Q: I'm an English literature teacher who also independently tutors students from the other small, local colleges in the area. A student from one of those colleges hired me to meet with him weekly because he was confused by the assignments he had been given. I decided the student was sharp, intelligent and serious but that his teacher was terrible.
The students were required to answer questions and write an analysis each week for various reading assignments. When I reviewed the assignments and the teacher's feedback on each paper, the problem became obvious to me. The student was not the one with the problem: the teacher was. The instructions and requirements for each assignment were so poorly explained even I could not understand what the teacher wanted. I discussed with the student the teacher's flaws, only to find out this teacher is the head of the English department at that school.
I looked up the teacher's background and degrees and saw his only accomplishment was self-publishing one poetry book; he was not qualified nor impressive enough for a school to make him a department head. I thought that hiring such a person to head an English department, no matter how inconsequential the school may be, was an injustice for all students who have to suffer under this teacher.
The student said no one in the class feels knowledgeable enough to complain. I think the dean of the school should review this department head's work so it would become obvious he is unqualified to teach, much less head an English department. When I told a friend I was considering complaining, she thought I was terrible for wanting to report the teacher. To the contrary, I feel it's my obligation to report him since the whole class (according to this student) is having problems understanding him.
Our country's educational system is at an all-time low, and maybe part of the problem is caused by substandard hiring qualifications. It seems some community colleges are so far below university standards, it's a shame for students to waste money to attend them. If I expose this department head's lack of credentials and inability to teach, do you think the dean will consider or ignore the complaint?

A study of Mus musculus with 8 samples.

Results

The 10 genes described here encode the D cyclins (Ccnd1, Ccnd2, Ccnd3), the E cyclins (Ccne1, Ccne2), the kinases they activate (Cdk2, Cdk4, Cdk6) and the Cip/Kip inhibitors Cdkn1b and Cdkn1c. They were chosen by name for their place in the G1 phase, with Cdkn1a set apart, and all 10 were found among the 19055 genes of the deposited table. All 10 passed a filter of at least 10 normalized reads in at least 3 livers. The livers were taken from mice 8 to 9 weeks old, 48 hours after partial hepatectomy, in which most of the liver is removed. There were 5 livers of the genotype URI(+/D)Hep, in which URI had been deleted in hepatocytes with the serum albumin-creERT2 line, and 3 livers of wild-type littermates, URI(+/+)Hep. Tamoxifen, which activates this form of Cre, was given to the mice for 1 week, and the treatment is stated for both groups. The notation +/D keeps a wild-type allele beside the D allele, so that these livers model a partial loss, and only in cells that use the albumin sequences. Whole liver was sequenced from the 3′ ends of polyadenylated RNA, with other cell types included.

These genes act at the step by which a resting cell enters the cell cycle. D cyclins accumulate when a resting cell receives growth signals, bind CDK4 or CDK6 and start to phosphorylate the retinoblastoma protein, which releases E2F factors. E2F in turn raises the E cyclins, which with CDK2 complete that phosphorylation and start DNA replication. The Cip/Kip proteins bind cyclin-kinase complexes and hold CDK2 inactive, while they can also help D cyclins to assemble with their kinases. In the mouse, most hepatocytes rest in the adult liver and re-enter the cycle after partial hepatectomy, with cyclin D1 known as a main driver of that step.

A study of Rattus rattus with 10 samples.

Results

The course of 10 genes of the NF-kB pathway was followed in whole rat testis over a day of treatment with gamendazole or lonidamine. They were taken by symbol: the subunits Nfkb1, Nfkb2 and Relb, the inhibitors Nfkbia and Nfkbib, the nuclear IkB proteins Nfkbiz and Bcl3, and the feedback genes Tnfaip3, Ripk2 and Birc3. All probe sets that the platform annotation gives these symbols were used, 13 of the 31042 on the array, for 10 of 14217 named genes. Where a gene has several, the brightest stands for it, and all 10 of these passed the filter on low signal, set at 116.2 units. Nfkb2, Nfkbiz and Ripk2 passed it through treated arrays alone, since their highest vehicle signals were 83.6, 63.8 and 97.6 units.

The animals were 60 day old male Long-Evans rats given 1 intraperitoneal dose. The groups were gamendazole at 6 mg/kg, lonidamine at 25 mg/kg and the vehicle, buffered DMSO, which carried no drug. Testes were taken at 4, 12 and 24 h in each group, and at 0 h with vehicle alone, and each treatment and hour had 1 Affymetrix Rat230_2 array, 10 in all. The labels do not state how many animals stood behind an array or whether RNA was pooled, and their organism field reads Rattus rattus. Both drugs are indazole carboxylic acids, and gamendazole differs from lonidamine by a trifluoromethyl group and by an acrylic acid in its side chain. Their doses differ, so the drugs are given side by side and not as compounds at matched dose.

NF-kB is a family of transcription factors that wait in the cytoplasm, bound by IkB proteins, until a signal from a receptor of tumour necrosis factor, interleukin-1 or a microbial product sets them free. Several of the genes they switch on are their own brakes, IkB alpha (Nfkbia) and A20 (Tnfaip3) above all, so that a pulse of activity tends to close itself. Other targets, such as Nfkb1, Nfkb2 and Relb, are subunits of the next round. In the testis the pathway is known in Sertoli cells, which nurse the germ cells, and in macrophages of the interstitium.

A: You apparently have a passion for education and a strong desire to help students. But your greatest problem, so far, is that you shared your thoughts of your plan with a friend. When you feel inspired to help one person or a group, stay on track with your idea and keep it to yourself. Friends have their own values, interests and agendas by which they make decisions. As an experienced teacher, you know your values, morals and passions and how deeply they are ingrained in you. Some friends share similar values, and some may not, which is why self-confidence is necessary for good decision-making.
It sounds like you're committed to representing students who lack the ability to defend themselves against unqualified teachers. Be aware, though, that exposing the teacher could backfire on you if he and the dean have a solid working relationship. If you go forward with submitting a detailed complaint, you can avoid backlash by mailing it anonymously so it can't be traced to your email. The complaint should include every assignment for the class, with a list of questions and suggestions to show how each instruction or requirement is unclear. The dean will likely read each week's assignments, thinking the complaint may have been submitted by the class or someone outside of that school's staff. Nothing will lead back to you, and you will have helped the class in a way they could not have helped themselves.
Email your workplace issues and experiences to [email protected] For more information about career and life coach Lindsey Novak, visit www.lindseyparkernovak.com, and for past columns, see www.creators.com/read/at-work-lindsey-novak.